19 February, 2013


“GJ 1214b is like no planet we know of,” study lead author Zachory Berta of the Harvard-Smithsonian Center for Astrophysics in Cambridge, Mass., said in a statement. “A huge fraction of its mass is made up of water.”

Or was it perhaps a mini-Neptune-like planet hrouded in a thick atmosphere of hydrogen and helium?



Three years later, a new method called multi-object spectroscopy was used to analyze the planet’s atmosphere from large, ground-based telescopes, by a team of scientists led by Jacob Bean, now an assistant professor in astronomy & astrophysics at the University of Chicago.

“We’re trying to distinguish whether it’s like the gas giants we know about, or something fundamentally different from what we’ve seen in our solar system — an atmosphere predominantly composed of water,” Jacob Bean,

The new method will able scientists to deduce the atmospheric composition of planets that were invisible to humans just a few years ago.

Bean has received a 60-orbit allocation on the Hubble Space Telescope to continue his observations on GJ 1214b, a sign of the work’s importance. Previous HST studies of planetary atmospheres encompassed 10 to 20 orbits.

“It’s interesting to note that all the instruments astronomers have used to study exoplanet atmospheres so far were never designed for that,” Bean said. “We’re using them in very unusual ways. We do what we can with what we have.”

But now Bean aims to build a system that is perfectly suited and well optimized to study exoplanet atmospheres, including that of GJ 1214b.

“The current data suggest an atmosphere predominately composed of water, but it’s not a definitive result yet,” Bean said. “There could be even more exotic scenarios possible that we’re not able to rule out.”

If GJ 1214b is a water world, “It would be very different than anything in our own solar system,” said Harvard University astronomy Professor David Charbonneau, whose team discovered the planet.

The search taps into some of modern science’s deepest questions: Are humans alone in the cosmos, and is our life-sustaining world unique? One of the earliest writers to speculate about exoplanets was the Italian philosopher and scientist Giordano Bruno, who was burned at the stake in 1600 for espousing beliefs that the Catholic Church deemed heretical.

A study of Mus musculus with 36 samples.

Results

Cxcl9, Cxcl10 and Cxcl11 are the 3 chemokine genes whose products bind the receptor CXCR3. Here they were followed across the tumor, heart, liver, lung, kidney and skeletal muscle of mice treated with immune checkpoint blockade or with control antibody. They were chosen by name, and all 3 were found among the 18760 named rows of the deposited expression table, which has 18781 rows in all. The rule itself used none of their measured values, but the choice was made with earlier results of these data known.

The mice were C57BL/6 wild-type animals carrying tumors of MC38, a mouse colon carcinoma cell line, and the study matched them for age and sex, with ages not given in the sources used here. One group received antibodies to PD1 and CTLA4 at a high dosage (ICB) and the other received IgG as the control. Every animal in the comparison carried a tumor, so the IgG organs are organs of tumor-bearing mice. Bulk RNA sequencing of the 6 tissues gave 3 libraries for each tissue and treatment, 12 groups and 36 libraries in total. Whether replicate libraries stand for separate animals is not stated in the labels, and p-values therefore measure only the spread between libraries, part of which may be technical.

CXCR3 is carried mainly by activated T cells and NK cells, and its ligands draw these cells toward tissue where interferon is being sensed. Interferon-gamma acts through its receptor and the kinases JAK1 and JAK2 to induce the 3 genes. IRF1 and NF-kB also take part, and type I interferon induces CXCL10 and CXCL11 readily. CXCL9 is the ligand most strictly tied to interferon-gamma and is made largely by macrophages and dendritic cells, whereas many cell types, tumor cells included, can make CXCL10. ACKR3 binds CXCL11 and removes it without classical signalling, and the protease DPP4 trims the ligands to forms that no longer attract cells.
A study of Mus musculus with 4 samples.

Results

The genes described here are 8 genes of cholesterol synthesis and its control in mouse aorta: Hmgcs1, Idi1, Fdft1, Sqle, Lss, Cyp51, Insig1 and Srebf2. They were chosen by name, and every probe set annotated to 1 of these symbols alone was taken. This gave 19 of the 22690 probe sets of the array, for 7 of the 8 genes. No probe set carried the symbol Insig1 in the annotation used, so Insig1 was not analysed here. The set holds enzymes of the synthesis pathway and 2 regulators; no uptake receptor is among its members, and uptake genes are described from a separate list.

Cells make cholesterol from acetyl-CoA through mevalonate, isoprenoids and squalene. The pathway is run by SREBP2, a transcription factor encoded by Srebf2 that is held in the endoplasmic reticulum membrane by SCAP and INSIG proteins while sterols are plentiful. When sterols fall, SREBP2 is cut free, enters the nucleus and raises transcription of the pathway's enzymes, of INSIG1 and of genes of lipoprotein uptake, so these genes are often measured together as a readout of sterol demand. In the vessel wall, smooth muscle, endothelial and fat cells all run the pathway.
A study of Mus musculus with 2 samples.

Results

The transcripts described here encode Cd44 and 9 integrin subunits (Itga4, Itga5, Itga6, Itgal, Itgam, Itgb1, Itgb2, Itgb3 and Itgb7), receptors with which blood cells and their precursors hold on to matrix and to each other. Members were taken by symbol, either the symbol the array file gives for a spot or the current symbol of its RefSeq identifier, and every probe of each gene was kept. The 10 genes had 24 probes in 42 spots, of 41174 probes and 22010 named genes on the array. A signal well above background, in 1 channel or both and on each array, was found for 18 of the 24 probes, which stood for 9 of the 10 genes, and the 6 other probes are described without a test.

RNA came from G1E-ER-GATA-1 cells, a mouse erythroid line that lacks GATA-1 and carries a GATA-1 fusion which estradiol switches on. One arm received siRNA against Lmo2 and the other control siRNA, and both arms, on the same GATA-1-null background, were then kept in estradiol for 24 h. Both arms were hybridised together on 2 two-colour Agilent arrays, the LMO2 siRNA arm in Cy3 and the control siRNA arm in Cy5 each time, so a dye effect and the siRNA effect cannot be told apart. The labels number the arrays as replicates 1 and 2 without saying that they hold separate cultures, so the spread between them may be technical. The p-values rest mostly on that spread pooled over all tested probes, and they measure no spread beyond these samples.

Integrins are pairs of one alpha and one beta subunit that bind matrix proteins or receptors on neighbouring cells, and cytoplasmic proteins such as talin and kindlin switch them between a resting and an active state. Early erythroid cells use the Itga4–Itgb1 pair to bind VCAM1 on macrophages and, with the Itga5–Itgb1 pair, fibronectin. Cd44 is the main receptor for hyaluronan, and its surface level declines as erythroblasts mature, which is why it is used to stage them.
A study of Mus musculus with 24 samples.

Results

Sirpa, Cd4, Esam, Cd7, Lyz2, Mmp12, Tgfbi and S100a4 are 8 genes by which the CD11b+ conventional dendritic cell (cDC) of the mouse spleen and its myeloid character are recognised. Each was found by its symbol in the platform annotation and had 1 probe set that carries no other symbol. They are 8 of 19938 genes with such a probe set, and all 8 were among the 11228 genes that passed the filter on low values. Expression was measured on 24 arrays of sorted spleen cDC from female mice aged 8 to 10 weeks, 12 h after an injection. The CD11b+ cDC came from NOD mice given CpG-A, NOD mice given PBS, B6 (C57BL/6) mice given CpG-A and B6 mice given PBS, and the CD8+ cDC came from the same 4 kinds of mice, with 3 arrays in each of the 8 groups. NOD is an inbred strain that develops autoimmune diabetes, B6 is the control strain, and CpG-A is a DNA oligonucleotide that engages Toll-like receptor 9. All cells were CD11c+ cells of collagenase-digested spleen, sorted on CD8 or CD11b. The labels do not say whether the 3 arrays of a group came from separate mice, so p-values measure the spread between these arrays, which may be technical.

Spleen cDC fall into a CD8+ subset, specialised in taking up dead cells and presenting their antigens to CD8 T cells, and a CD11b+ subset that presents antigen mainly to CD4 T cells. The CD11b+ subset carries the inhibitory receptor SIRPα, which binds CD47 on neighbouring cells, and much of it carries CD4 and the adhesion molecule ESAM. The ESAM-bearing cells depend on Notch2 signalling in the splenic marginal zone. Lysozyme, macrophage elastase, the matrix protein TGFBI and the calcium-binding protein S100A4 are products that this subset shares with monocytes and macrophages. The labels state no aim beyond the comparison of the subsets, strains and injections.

Click on image to enlarge

Credits: NASA/Hubble


In one prescient passage, Bruno wrote, “In space there are countless constellations, suns and planets; we see only the suns because they give light; the planets remain invisible, for they are small and dark. There are also numberless earths circling around their suns, no worse and no less than this globe of ours.”

Discoveries of new exoplanets have flowed like oil from a gushing wellhead in recent years. The number has topped 850 and continues to climb.

Starting in the 1990s, exoplanet hunters initially were only able to find giant, Jupiter-like gas planets because they were bigger and thus easier to find. “They were closer to their stars than Jupiter is from the sun, so we nicknamed them ‘hot Jupiters,’” Charbonneau said.

Now, astronomers begin to concentrate on a new, different goal: find planets that are more Earthlike. One major push along that front was the $600-million Kepler mission, launched in 2009. This mission, encompassing a 100-member science team, is conducting a survey of planets orbiting other sun-like stars.


The Hunt for Earth-like Planets


“Kepler is on the cusp of finding small planets in the habitable zone around both sun-like and small stars,” Fabrycky said. “This is the goal of the mission, and it’s almost there.”

A Kepler research veteran, Fabrycky began his UChicago faculty appointment last October. Fabrycky precisely measures the timing of transits, the mini eclipses that planets cause as they pass in front of their stars.

Timing inconsistencies in the transits often result from the gravitational influence of other planets.

So far Kepler has 105 confirmed planet discoveries to its credit, and has identified 2,740 planet candidates. As a postdoctoral scientist at the University of California, Santa Cruz, two years ago, Fabrycky was a member of a team that discovered six planets orbiting a single star called Kepler-11. “Kepler-11 is hanging on — for the moment — as the one with the most number of planet signals” among exoplanetary systems, Fabrycky said.

Bean and his colleagues have made the best observations of planetary atmospheres so far using the Hubble Telescope, the Spitzer Space Telescope, and, in Chile, the Very Large Telescope array and the twin Magellan Telescopes. But the planned Giant Magellan Telescope, of which UChicago is a founding partner, and the forthcoming James Webb Space Telescope should eclipse the capabilities of today’s observatories when they go into service late this decade.

The new telescopes will be able to do the same sort of exoplanetary atmospheric studies underway now, “but actually do it for the smaller planets that might even be habitable,” Charbonneau said.